QUESTION FOR NEXT WEEK
Many linguistic expressions indicate a particular bias towards the visual or the audible, though we have long ago forgotten to interrogate their semantic specifics. Does the use of these expressions summarize in advance a biased experience of sound which we come to believe is authentic? “I’ll believe it when I see it.” “I heard it through the grapevine.” In these two examples, vision donates proof; sound, rumor.
Bring in 5 common, everyday expressions (in any language) which reference either the visual or the audible, sight or hearing. Are these expressions historically datable? Do these expressions still apply in 2013? How might they have changed from their introduction until now?
This exercise is geared towards increasing awareness of the role of language in conditioning the range of possible sensory experience, fitting awkward, liminal, contradictory experience into preexisting categories, distorting it in order to better communicate.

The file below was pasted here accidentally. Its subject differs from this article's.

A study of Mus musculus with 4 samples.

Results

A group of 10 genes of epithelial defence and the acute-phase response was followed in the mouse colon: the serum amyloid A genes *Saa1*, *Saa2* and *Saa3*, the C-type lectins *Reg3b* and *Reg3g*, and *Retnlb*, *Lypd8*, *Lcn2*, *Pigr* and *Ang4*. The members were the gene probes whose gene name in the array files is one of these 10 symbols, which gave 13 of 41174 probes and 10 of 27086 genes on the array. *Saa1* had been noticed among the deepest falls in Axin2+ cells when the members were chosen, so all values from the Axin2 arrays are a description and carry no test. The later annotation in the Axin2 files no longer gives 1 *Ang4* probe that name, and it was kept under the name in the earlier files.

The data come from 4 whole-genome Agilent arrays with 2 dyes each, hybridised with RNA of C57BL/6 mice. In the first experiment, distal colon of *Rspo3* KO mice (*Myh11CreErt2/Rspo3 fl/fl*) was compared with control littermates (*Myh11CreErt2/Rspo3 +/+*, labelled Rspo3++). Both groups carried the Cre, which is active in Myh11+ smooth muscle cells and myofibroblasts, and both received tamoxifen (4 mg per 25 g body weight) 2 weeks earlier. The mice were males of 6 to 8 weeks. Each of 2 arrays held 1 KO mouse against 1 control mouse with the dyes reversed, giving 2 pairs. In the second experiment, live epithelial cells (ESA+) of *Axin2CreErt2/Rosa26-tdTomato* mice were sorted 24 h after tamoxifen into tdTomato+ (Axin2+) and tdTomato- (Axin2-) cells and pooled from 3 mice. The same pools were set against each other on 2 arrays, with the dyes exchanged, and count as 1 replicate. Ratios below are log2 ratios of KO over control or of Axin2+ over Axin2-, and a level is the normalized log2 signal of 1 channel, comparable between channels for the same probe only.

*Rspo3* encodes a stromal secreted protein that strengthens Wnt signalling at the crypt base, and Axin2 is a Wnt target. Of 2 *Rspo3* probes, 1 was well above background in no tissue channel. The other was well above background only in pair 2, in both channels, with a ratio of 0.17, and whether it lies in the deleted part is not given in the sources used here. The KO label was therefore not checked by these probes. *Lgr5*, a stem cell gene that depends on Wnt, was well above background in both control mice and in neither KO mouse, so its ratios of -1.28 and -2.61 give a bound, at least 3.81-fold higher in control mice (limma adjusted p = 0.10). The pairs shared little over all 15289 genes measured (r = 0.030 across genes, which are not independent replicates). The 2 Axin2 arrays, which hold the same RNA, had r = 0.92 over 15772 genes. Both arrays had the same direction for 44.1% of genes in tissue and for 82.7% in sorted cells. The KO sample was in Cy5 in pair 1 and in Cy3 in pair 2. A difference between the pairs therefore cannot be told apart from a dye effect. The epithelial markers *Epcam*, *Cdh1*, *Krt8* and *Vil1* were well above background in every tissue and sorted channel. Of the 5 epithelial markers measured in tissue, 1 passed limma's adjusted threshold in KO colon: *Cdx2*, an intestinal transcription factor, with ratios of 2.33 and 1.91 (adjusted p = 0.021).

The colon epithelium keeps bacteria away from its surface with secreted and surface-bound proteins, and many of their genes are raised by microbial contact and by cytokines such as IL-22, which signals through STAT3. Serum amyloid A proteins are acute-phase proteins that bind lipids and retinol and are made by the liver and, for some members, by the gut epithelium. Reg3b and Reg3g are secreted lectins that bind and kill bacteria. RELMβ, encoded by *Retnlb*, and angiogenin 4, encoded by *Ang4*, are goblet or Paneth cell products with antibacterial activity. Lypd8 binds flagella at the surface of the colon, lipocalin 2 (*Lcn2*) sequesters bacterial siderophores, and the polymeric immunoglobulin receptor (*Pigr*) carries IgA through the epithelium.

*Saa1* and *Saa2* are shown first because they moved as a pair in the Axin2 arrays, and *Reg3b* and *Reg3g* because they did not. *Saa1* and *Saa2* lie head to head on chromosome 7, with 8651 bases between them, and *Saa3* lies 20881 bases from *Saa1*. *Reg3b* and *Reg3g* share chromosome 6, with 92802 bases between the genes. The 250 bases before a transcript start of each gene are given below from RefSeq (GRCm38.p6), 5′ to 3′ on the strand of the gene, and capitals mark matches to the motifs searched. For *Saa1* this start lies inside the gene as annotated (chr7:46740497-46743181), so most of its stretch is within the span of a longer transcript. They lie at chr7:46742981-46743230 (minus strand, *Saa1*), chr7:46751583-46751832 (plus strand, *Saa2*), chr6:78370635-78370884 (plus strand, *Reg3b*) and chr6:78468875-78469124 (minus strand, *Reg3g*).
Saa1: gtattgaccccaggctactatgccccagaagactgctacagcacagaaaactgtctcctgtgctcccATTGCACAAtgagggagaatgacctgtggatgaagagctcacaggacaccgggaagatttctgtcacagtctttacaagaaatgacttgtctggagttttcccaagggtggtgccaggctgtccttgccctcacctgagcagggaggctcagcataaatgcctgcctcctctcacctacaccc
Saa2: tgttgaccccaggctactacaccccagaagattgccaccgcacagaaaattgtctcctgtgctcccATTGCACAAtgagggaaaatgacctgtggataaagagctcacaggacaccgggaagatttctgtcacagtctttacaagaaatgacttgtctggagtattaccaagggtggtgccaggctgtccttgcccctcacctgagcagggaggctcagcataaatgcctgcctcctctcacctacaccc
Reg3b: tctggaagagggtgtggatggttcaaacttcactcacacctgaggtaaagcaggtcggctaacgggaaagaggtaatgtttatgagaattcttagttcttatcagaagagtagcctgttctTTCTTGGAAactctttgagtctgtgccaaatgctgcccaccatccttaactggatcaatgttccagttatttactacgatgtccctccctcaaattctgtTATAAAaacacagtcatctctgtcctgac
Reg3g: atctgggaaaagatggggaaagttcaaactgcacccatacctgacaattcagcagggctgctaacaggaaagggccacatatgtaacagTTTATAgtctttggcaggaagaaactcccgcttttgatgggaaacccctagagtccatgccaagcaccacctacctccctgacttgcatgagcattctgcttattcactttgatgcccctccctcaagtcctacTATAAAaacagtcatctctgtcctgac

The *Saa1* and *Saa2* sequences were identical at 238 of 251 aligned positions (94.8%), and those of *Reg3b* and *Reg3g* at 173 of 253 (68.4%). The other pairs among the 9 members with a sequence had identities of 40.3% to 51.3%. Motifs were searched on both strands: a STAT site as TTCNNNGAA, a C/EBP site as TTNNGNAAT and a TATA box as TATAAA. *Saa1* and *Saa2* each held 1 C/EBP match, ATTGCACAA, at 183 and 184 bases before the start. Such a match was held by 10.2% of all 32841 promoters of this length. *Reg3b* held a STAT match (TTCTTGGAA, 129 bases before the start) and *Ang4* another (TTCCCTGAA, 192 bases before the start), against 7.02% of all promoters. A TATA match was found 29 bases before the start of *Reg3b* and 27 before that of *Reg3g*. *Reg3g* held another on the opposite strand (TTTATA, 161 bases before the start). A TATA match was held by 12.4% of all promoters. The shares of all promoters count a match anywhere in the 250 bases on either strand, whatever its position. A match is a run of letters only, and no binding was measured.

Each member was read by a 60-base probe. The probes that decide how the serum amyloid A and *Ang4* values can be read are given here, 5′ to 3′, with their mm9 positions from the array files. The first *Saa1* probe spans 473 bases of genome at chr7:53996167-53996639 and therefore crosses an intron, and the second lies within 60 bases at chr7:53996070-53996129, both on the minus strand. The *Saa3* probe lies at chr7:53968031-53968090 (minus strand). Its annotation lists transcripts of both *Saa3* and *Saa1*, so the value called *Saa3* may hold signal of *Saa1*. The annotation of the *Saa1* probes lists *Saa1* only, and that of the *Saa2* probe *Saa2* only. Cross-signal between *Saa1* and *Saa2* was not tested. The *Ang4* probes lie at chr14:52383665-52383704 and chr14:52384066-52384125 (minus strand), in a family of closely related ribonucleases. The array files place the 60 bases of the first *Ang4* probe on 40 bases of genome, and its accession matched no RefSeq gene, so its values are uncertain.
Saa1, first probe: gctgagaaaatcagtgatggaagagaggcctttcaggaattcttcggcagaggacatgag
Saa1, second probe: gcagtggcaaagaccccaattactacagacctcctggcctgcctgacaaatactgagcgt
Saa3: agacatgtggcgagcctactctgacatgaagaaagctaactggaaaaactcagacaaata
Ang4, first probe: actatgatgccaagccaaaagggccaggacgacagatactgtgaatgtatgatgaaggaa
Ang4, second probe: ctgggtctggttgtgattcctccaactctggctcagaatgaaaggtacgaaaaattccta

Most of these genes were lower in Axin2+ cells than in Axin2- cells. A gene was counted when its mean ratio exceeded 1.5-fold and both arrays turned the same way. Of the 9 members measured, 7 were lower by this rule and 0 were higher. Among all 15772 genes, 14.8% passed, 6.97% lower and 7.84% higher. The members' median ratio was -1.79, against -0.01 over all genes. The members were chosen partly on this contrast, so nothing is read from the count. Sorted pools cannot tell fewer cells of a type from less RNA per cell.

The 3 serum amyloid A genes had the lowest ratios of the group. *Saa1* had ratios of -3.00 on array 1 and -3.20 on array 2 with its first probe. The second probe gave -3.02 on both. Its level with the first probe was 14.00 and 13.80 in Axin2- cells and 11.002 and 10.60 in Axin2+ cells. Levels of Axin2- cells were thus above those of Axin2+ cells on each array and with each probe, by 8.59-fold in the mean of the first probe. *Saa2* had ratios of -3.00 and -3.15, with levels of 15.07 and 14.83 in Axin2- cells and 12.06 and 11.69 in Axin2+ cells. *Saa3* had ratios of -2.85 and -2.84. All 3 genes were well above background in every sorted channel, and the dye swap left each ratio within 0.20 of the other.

READING FOR NEXT WEEK
Guy Debord: A User’s Guide to Détournement
McKenzie Wark – Détournement: An Abuser’s Guide
Question: Is it still possible to conjure dissonance—and stop viewers in their tracks—by juxtaposing two contrasting images / sounds? In a world of constant psychedelic intensity, where signals vie for attention and cancel each other out, where discontinuity is the norm (zapping, rapid editing etc.), can there still exist room for REAL DISCONTINUITY?
Think about how your everyday experience of appropriation and “détournement” squares with Debord’s text.